Ukraine has not yet perished, but should words to its anthem?

“Ukraine has not yet perished” But this, the most recognized and controversial opening lyric to the country’s national anthem, may be headed to the graveyard, if a new and more optimistic version catches on ew and more optimistic version catches on.

Oleh Skrypka, a popular Ukrainian folk and rock musician, has written up new lyrics for an old song that sounds, to some, too much like a dirge.

Skrypka will sing his version of the anthem on Aug. 23 on Maidan Nezalezhnosti (Independence Square), the day before Ukraine celebrates its 17th anniversary as an independent nation.

Skrypka, who has in recent years turned into a leading proponent for reviving lost Ukrainian traditions and folklore, is not pushing his version per se.

But he does want to start a discussion – and offer what he says is a more upbeat alternative.

In a Kyiv Post interview, Skrypka said the idea of writing new lyrics emerged gradually, after his band – Vopli Vidopliasova – started regularly performing the anthem.

“We frequently heard that the words are pessimistic, archaic, etc.,” Skrypka said. “So we announced a contest. We received many versions for the anthem’s lyrics.”

Although Skrypka would not reveal the entire set of new lyrics before his official presentation on Aug. 23, he called his new version positive and light.

He gave the Post a sample.

Replaced will be the infamous lyric: “Ukraine’s glory hasn’t perished, nor her freedom/Upon us, fellow compatriots, fate shall smile once more.”

The Skrypka band suggests replacing this with: “Our dear Ukraine is flourishing like a spring field/We are glorious Ukrainians; we’ve got a happy fate.”

Originally, both the lyrics and the melody of Ukraine’s present anthem “Ukraine hasn’t perished yet” were written in the second half of the 19th Century by Pavlo Chubynsky and Mykhaylo Verbytsky, respectively. The lyrics were later modified and shortened to the current version.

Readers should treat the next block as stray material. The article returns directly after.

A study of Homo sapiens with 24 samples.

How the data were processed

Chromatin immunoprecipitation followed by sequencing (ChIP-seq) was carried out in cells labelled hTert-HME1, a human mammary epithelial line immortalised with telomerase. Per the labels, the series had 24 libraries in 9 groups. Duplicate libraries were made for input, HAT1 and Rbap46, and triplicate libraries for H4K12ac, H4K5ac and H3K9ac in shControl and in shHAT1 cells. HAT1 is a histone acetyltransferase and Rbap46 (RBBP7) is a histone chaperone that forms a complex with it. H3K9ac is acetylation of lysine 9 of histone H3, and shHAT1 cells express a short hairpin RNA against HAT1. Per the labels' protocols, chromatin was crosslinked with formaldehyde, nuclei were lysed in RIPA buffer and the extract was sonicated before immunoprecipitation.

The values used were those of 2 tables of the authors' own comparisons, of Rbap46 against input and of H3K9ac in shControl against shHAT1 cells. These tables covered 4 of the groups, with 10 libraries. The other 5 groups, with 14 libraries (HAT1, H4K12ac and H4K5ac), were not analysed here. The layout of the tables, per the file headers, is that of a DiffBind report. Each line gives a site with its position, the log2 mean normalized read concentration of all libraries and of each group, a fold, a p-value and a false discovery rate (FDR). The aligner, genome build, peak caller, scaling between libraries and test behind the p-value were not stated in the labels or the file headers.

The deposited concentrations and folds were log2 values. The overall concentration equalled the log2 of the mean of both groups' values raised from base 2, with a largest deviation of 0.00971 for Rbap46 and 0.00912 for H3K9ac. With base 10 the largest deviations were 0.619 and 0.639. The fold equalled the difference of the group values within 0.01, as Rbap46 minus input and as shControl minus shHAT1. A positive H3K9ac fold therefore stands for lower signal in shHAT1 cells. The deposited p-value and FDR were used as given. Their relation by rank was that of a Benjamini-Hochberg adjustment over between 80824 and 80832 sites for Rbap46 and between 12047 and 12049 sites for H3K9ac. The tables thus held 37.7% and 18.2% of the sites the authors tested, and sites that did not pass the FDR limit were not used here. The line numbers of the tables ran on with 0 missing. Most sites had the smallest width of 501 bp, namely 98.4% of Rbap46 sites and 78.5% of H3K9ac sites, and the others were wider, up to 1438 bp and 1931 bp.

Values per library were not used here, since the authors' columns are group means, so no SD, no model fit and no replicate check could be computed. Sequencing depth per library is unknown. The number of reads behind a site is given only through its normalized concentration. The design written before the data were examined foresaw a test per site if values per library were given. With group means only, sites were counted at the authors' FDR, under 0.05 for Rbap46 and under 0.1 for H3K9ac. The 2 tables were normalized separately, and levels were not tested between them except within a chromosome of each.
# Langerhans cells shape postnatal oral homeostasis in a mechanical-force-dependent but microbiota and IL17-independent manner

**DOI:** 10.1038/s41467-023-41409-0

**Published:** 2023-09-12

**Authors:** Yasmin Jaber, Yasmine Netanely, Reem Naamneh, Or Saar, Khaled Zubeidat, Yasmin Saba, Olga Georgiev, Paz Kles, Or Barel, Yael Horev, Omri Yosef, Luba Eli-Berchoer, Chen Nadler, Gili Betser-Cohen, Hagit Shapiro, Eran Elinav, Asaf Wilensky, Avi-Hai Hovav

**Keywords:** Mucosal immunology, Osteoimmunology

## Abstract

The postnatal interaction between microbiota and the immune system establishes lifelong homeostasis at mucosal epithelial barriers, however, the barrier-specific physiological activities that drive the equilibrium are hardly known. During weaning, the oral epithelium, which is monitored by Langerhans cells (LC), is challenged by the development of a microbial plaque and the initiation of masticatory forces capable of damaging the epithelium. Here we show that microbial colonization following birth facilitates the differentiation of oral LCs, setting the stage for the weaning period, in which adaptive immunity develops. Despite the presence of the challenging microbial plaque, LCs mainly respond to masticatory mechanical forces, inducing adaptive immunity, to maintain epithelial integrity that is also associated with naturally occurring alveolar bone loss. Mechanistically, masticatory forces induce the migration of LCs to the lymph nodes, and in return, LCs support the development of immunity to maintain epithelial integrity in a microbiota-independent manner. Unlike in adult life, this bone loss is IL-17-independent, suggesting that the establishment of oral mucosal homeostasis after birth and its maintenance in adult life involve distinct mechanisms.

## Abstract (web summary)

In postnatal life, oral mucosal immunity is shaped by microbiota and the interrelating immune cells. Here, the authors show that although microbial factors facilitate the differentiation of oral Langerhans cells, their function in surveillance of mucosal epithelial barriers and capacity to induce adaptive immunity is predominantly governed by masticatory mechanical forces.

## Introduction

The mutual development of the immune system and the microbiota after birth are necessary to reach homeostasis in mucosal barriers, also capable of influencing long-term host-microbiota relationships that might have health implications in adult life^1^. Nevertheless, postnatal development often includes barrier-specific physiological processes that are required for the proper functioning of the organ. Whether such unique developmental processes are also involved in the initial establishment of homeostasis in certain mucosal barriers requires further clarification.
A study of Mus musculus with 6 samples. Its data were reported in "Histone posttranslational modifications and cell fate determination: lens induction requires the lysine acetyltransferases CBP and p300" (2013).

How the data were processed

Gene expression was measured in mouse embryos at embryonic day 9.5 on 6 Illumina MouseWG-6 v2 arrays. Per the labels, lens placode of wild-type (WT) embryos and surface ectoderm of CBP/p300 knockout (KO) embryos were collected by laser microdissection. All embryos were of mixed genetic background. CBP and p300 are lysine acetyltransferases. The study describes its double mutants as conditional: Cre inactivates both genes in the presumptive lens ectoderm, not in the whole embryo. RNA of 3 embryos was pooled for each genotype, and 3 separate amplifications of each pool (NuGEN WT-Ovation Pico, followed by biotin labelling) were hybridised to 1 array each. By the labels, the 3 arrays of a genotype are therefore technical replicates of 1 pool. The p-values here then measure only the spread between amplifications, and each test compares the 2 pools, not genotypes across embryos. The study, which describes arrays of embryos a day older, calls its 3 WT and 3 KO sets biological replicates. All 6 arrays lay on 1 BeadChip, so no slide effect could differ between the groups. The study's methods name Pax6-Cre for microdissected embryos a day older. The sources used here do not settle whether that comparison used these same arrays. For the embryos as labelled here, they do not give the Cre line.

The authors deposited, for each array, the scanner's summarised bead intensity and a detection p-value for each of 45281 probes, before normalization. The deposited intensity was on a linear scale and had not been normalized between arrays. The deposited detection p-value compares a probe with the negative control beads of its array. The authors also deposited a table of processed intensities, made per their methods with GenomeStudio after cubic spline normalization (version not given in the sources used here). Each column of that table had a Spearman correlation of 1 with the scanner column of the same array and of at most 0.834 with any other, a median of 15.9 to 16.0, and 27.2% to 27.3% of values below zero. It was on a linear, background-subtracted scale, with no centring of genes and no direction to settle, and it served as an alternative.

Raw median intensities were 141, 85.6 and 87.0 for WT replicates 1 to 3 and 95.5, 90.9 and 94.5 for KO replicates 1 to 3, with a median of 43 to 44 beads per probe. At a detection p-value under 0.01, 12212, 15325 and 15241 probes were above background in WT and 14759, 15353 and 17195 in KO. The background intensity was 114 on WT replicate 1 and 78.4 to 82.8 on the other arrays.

While Verbytsky’s music was officially adopted in 1992, only 11 years later did Ukraine’s parliament, the Verkhovna Rada, pass the law approving Chubynsky’s modified lyrics.

The current anthem does have its supporters, as well as detractors who criticize it for its pessimism and outdated content.

The anthem is “essentially destructive,” said Volodymyr Cherevatenko, a Kharkiv songwriter who has submitted his personal version on several Internet forums. “It is an ordinary revolutionary song of the past times. But everything has changed and [now independent] Ukraine faces new tasks and challenges.”

Skrypka, however, said he is not certain that the present anthem needs to be replaced.

“It’s an old song. It’s like a historical monument, and it’s beautiful,” Skrypka said. “But the country is developing, times change. Maybe we should change the anthem.”

Skrypka insisted his aim is not to campaign for his version.

“I am raising this issue up for discussion,” he said.

“I am a rock musician and I’m more inclined to unite people around a common idea, to boost peoples’ creativity. As for my personal ambitions, when the issue of rewriting Ukraine’s anthem is put forth, I’m sure there will be many ‘national artists’ eager to perform this task and some may even do it pretty well. But in order for that to happen, there should be an emotional movement among the people.”

Skrypka’s anthem performance on Aug. 23 is part of a karaoke party, involving the public to sing the national anthem. The musician will also release two CDs, one containing both the original and rehashed version of the anthem versions, and the second will contain the anthem in karaoke format.